President Obama met privately Monday with two officials tasked with closing the detention facilities at Guantanamo Bay, the White House announced.

"The president reiterated that he remains fully committed to closing the detention facility at Guantanamo Bay, and made clear that the special envoys have his full support as they work to facilitate the transfer of Guantanamo detainees," White House press secretary Jay Carney said.

The meeting comes just days after Paul Lewis, formerly a lawyer for the House Armed Services Committee, became the Pentagon's "special envoy for Guantanamo closure" on Nov. 1. The president also met with Clifford Sloan, who works in a similar capacity for the State Department.

The White House framed its desire to close the detention facilities in terms of taxpayer cost in an age of Pentagon budget austerity.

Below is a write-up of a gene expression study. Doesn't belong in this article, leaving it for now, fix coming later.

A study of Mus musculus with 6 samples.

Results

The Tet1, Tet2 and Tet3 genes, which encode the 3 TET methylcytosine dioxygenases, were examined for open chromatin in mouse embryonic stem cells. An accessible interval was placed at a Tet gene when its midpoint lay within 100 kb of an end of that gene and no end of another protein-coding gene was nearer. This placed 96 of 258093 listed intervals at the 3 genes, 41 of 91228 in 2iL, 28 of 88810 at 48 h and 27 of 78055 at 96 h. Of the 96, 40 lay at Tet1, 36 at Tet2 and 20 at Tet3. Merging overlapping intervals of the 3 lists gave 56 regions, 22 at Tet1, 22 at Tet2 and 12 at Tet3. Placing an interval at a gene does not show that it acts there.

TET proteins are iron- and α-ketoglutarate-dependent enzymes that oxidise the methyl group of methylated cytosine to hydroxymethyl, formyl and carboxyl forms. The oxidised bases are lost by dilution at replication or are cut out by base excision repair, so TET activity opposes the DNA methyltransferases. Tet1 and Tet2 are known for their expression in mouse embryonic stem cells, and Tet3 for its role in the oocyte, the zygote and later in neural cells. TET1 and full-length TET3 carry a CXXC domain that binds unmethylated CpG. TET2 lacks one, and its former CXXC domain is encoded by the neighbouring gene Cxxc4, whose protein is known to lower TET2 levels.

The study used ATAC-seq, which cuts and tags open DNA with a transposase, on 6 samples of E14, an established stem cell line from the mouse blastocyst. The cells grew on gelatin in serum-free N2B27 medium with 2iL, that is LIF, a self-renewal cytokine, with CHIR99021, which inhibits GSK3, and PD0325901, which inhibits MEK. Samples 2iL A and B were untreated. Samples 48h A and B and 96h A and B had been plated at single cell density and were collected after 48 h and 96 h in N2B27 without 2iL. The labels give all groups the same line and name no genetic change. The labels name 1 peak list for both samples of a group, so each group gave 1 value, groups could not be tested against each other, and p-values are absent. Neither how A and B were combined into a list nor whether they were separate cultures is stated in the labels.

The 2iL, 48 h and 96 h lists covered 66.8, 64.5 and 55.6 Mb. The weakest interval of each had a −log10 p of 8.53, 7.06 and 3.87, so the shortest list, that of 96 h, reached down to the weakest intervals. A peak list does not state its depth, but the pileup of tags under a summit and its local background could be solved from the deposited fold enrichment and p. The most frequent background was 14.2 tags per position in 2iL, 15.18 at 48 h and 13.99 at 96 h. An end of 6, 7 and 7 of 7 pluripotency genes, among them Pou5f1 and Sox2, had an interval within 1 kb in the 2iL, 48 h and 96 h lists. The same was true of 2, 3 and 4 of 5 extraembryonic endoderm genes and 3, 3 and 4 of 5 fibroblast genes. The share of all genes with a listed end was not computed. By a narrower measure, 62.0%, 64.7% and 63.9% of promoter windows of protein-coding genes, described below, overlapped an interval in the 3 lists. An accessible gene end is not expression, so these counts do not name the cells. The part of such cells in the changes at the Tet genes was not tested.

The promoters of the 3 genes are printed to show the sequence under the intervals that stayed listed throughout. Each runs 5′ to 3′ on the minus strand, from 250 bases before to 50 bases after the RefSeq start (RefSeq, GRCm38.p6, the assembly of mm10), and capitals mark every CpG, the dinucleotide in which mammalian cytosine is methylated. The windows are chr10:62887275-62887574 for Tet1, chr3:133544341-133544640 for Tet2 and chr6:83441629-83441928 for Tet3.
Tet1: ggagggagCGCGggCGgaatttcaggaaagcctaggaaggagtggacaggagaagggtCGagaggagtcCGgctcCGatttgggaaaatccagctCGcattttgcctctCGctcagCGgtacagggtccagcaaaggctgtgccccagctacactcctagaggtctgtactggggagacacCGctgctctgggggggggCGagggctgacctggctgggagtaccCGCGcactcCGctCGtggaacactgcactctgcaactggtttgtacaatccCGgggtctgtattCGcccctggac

"We are spending almost $1 million per detainee per year to house detainees at Guantanamo – that’s nearly $200 million dollars annually in an era of sequestration and tighter budgets," Carney said in a statement. "The Guantanamo facility continues to drain our resources and harm our standing in the world."

Despite the administration's push to close the detention facility — something Obama first promised during the 2008 campaign — Congress' most recent defense policy legislation prohibits the transfer of the detainees to American soil for trial. More than 160 detainees remain at the naval base in Guantanamo Bay, including more than 80 who had been cleared for release.